Mom breastfeeding


By Dr Rishi Caleyachetty

Up till now, research on the health impact of intimate partner violence (IPV) has primarily focused on gynaecological and sexual health outcomes (e.g., unwanted and unplanned pregnancies, miscarriages, sexually transmitted diseases and HIV infection), psychiatric disorders (e.g., depression, post-traumatic stress disorder and anxiety) (1) and substance use (2,3) . Although violence affects many women’s lives, maternal exposure to IPV may impact their children’s health by impairing their ability to breastfeed.

Evidence of the influence of maternal exposure to IPV on breastfeeding (early initiation of breastfeeding and exclusive breastfeeding in the first 6 months) in low- and middle-income (LMICs) is limited.

To address this gap, a group of practitioners and researchers worked together to analyze nationally representative survey data (Demographic Health Surveys) from 51 low- and middle-income countries conducted between January 2000 and January 2019.

The results have been recently published in the Maternal and Child Health Special Issue of PLOS Medicine. (4) They showed that mothers exposed to IPV were less likely to engage in initiating breastfeeding within the first hour of birth and breastfeeding exclusively in the first 6 months.

At the moment, the WHO does not recommend universal screening for IPV in women attending healthcare. (5) But the lack of evidence should not stop health workers in LMICs from considering targeted screening of women in the antenatal setting. It is important to identify women who have experienced or are experiencing IPV, connect them to essential services, and support them to initiate breastfeeding early and exclusively for 6 months.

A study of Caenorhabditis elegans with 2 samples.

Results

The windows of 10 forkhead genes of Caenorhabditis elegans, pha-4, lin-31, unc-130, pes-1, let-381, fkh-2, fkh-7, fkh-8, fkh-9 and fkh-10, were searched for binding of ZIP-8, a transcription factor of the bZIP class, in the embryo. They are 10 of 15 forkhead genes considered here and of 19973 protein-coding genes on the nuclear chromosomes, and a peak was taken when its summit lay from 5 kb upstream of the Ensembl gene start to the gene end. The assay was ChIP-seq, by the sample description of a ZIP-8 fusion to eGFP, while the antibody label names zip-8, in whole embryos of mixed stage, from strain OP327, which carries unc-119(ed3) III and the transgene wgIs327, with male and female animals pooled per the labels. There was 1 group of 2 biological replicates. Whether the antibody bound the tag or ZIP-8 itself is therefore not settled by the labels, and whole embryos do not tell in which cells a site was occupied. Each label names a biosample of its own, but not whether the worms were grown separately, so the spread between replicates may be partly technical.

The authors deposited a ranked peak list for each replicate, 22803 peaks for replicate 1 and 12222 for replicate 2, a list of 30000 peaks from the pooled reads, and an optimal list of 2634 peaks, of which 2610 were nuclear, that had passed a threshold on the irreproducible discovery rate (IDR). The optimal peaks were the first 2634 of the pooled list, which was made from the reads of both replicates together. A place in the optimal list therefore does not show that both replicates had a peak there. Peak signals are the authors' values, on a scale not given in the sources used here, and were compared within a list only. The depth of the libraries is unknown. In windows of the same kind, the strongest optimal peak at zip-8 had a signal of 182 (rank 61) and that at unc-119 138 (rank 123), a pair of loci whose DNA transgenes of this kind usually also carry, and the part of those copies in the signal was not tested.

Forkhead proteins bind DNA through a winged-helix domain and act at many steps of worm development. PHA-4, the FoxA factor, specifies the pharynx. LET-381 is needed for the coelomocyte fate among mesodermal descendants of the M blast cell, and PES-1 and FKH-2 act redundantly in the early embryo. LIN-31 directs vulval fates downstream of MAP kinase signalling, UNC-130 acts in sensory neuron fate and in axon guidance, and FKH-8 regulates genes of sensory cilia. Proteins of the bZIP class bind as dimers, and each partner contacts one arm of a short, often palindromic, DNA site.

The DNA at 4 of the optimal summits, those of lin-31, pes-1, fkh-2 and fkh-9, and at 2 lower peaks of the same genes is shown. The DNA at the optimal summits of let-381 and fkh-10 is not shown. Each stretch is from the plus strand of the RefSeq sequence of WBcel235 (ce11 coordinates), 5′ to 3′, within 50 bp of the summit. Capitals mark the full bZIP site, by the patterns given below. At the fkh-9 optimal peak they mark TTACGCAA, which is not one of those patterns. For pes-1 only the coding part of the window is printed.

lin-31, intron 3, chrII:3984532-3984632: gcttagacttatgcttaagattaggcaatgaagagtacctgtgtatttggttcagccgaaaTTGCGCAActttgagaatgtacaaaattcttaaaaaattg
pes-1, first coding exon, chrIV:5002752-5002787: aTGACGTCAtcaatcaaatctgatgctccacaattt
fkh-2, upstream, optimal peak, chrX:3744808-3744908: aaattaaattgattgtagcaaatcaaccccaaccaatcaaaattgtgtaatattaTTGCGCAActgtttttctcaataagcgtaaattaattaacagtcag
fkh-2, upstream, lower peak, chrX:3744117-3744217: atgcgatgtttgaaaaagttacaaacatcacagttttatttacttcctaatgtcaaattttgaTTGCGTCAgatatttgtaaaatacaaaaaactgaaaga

1. Campbell JC. Health consequences of intimate partner violence. Lancet Lond Engl. 2002 Apr 13;359(9314):1331–6.
  2. Caleyachetty R, Echouffo-Tcheugui JB, Stephenson R, Muennig P. Intimate partner violence and current tobacco smoking in low- to middle-income countries: Individual participant meta-analysis of 231,892 women of reproductive age. Glob Public Health. 2014;9(5):570–8.
  3. Yoshihama M, Horrocks J, Bybee D. Intimate partner violence and initiation of smoking and drinking: A population-based study of women in Yokohama, Japan. Soc Sci Med 1982. 2010 Sep;71(6):1199–207.
  4. Caleyachetty R, Uthman OA, Bekele HN, Martín-Cañavate R, Marais D, Coles J, Steele B, Uauy R, Koniz-Booher P .Maternal exposure to intimate partner violence and breastfeeding practices in 51 low-income and middle-income countries: A population-based cross-sectional study.PLoS Med. 2019 Oct 1;16(10):e1002921. doi: 10.1371/journal.pmed.1002921.
  5. O’Doherty L, Hegarty K, Ramsay J, Davidson LL, Feder G, Taft A. Screening women for intimate partner violence in healthcare settings. Cochrane Database Syst Rev. 2013;(4):CD007007.
About the Author

Epidemiologist and physician Rishi Caleyachetty has dedicated his career to improving women, children, and adolescent’s health. Dr Caleyachetty completed his medical training at King’s College London Medical School in London, England,  received a masters degree in epidemiology from the London School of Hygiene & Tropical Medicine and a PhD in epidemiology from the University of Cambridge.  Previously, he was a Fulbright Scholar at The Department of Health Policy & Management, Mailman School of Public Health, Columbia University, New York and was Adviser to the Ministry of Health & Quality of Life in the Republic of Mauritius.